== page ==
With more free time on his hands than he knew what to do with, Hilgenbrinck set a goal of reading the entire Bible. He read books on Catholicism, particularly those by Scott Hahn and Karl Keating that his parents gave him. He also prayed regularly.
"It started out a lot with me doing all the talking and me trying to say everything that I needed to get out," he said. "But it was in the silent times of prayer, whenever I shut up, it was like, 'Okay, now feel this.' . . . This idea of the priesthood kept permeating my heart. It was just there all the time."
The way he describes it, Hilgenbrinck's call to the priesthood came gradually. It is not like he woke up one day and God told him to become a priest.
"No miracles happened here," he said. "It was just I felt that way, and it progressively got stronger every single day for two years."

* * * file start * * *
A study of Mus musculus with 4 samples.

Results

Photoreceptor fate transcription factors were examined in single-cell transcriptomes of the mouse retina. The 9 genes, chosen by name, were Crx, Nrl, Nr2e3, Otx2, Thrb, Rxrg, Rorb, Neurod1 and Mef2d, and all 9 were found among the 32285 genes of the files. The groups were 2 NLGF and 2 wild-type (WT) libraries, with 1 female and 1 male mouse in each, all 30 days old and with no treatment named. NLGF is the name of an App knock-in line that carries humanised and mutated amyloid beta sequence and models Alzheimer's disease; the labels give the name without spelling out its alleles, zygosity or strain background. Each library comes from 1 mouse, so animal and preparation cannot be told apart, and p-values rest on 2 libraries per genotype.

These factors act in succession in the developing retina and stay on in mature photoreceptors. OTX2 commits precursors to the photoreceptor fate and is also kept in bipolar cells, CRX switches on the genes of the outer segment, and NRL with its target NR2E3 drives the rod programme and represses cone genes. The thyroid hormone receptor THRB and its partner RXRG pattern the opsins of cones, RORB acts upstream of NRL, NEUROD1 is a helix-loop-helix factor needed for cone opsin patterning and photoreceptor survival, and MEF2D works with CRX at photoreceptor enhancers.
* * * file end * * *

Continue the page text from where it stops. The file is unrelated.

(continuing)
At first he resisted. He did not want to be a priest. All he could think of were the negatives. To begin with, he'd have to give up soccer. But that wasn't even the biggest obstacle for him.
"I can't be married," he said. "I can't have kids, and that was scary because I'd always envisioned myself as a married man."
Besides, he loved playing soccer. He was doing well with his team in Chile, Nublense. He figured he could just wait until his career was over before he had to make a decision. Then he read Hahn's book, "Rome Sweet Home" and came across the line, "delayed obedience is disobedience."
This article is going to be on the kitchen table when my youngest gets home from school. Not every young man is called to the priesthood. However, every young man and woman is called by God to a vocation. Chase Hilgenbrinck offers the perfect example of being open to that call. He prayed. He listened. He responded.
May God bless Chase on his journey to the priesthood. Oh, and perhaps he will find time to study at the Pontifical North American College in Rome. The North American Martyrs soccer team could use his talents in the next Clericus Cup.